Predictions for the 2009 Wildfire Season

Firefighter and brush fire.

Photo by Jim Burnett.

What might 2009 hold for wildfires in parks and other areas? Experts at the National Interagency Fire Center have issued a fire season outlook for the next several months that provides an educated guess, and several parks are located in predicted hotspots.

It's important to note that these are predictions, and cover large geographical areas, so localized conditions could change the equation for specific parks, for better or worse. While the outlook does provide a tool to help managers at the national, regional and local levels plan for the coming summer, this information certainly should not be used as a basis for your vacation plans!

Here's a summary of the prediction, along with examples of parks in each area mentioned:

Northern California, where nearly a million acres burned last summer, is poised to possibly be another hotspot for wildfire activity in 2009, according to the fire season outlook released on Friday by the Predictive Services Group at the National Interagency Fire Center. The seasonal outlook considers the condition of wildland fuels, weather forecasts, and climate and drought data.

What about Southern California, where fires in the past few days have made headlines? It's important to keep in mind that fire is an inescapable part of life in that area, which isn't highlighted in this report only because its coming wildfire season isn't expected to be significantly worse than normal.

Whiskeytown National Recreation Area in northern California was among the locations in that area that experienced significant fire activity last summer.

“Whether or not we see that potential develop into another severe fire season in California depends on ignitions,” said Rick Ochoa, fire weather program manager at NIFC. “Last year we had widespread lightning storms move through that area and ignite multiple fires.”

In addition to California, north-central Washington is expected to see above normal potential for wildfire activity, based on persistent drought conditions. The Southwest, from Texas to Arizona, also is expected to see above normal fire potential until what is expected to be a robust monsoon season moderates conditions there beginning in early July.

Parks in that area include Big Bend, Carlsbad Caverns and Saquaro.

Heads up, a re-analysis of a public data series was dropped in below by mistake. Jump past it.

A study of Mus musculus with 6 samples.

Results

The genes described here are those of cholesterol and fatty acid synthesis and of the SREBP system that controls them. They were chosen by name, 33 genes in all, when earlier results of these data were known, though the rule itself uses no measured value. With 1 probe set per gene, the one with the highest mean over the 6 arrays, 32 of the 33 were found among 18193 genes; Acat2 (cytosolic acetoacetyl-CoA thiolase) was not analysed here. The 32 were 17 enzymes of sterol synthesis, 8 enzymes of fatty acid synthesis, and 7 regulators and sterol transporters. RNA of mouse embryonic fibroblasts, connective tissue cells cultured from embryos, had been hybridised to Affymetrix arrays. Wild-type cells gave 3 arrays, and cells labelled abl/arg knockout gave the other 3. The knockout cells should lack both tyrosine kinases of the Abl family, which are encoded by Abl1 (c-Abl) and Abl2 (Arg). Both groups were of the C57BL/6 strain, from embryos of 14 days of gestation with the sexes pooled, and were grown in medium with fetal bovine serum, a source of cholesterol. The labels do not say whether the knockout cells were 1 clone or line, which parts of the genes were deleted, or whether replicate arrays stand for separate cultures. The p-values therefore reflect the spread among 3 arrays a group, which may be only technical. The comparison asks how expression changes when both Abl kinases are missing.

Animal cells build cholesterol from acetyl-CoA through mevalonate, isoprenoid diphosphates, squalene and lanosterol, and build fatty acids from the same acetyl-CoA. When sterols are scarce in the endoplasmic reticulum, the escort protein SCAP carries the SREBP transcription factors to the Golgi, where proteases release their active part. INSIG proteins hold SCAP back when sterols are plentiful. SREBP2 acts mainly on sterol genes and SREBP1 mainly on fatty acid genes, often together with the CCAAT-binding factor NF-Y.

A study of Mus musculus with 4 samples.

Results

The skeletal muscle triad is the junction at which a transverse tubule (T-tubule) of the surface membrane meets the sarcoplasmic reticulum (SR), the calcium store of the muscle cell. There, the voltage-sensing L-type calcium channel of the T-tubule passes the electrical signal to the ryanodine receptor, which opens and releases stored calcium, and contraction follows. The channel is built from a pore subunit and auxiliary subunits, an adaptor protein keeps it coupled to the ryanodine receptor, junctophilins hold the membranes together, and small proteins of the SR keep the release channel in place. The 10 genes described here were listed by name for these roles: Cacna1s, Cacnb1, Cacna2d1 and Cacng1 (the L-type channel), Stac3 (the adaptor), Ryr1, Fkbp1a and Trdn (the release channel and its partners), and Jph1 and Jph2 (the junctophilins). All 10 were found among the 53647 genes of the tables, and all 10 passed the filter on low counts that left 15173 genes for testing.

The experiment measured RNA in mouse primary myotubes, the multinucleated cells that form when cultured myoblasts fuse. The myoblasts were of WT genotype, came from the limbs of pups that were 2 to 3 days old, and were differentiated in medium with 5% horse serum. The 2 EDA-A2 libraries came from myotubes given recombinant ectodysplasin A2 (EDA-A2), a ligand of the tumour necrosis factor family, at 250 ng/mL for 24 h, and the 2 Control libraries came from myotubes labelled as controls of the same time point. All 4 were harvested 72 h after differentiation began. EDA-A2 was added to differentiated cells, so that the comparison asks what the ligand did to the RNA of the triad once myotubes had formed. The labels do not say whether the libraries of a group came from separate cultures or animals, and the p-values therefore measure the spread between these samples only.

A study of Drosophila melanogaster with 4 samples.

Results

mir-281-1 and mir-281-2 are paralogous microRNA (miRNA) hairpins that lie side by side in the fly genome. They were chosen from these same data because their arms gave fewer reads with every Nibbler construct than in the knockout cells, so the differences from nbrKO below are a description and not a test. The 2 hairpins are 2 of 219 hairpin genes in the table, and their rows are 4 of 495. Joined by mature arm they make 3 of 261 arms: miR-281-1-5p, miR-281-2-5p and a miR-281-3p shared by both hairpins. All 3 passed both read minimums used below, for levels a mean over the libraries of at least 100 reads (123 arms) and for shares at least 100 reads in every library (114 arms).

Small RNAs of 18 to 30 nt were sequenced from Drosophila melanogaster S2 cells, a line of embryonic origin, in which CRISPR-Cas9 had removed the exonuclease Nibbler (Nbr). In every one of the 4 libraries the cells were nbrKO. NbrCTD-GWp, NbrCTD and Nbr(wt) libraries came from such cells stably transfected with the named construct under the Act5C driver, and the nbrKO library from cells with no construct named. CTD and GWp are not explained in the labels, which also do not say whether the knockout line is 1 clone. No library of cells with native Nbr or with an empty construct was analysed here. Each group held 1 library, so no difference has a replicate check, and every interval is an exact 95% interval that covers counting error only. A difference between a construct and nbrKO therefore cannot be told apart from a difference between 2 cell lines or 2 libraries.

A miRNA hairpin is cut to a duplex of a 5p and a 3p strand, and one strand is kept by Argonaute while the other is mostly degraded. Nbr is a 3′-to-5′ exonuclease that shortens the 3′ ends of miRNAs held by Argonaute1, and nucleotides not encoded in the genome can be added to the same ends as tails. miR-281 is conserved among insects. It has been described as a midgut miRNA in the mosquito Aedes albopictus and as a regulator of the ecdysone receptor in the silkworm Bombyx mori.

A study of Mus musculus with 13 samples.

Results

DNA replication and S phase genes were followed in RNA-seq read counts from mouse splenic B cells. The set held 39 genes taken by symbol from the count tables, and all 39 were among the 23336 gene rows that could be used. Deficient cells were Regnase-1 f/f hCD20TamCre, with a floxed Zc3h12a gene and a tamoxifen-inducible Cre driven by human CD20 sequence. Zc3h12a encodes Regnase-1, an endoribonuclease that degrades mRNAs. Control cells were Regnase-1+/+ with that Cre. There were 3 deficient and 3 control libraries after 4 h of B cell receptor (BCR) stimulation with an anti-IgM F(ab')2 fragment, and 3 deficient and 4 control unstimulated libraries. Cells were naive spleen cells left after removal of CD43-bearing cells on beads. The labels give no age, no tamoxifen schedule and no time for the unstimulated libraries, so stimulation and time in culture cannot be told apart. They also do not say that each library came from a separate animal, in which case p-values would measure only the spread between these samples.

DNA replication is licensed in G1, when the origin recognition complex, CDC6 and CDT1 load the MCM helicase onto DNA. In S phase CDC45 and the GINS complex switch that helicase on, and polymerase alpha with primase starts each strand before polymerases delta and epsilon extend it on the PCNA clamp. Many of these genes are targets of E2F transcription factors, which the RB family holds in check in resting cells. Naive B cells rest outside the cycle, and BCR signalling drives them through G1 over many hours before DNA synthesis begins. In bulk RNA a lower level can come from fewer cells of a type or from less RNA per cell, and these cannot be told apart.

Elsewhere around the West, however, winter snowpacks and cooler early spring temperatures are expected to moderate conditions and keep the fire potential in the normal range for most other states.

It's interesting to note that a lack of moisture can sometimes be a good thing in terms of the risk of wildfire, since dry conditions can limit the growth of grasses and other "fine fuels" that increase the threat of fires. The report notes,

Although drought conditions are expected to persist in Nevada, the lack of moisture and subsequent lack of fine fuels are expected to result in a below normal fire potential.

In Alaska, ample moisture over the winter, combined with a forecast for normal to below normal temperatures results in below normal potential for fire activity there as well.

In the Southeast, all of Florida except for the western panhandle is predicted to have above normal potential for significant fires through August. Everglades National Park and Big Cypress National Preserve are included in that assessment, and Big Cypress has already experienced a wildfire that resulted in the closure of a major interstate highway for several days.

“Overall, the areas with the greatest fire potential this summer are Arizona, New Mexico, California and north-central Washington,” Ochoa said
.

According to preliminary data released by the National Interagency Fire Center, 2008 ranked near average in terms of the number of fires and above average for the number of acres burned.

Comments

We've had a really wet spring in Greater Yellowstone, just as we had last spring (in a fire season that was mostly calm, except in the Shoshone area, where a fire was badly needed). However, last summer, we had a fairly wet summer as well. There's a lot of green everywhere; it will be interesting to see if that serves as the fuel for a big fire season here. But, that's no doubt why we are in the normal range.

Jim Macdonald
The Magic of Yellowstone
Yellowstone Newspaper
Jim's Eclectic World

The spring of '88 was quite wet, and then around June 1 somebody turned off the spigot. The rest, as they say, is history.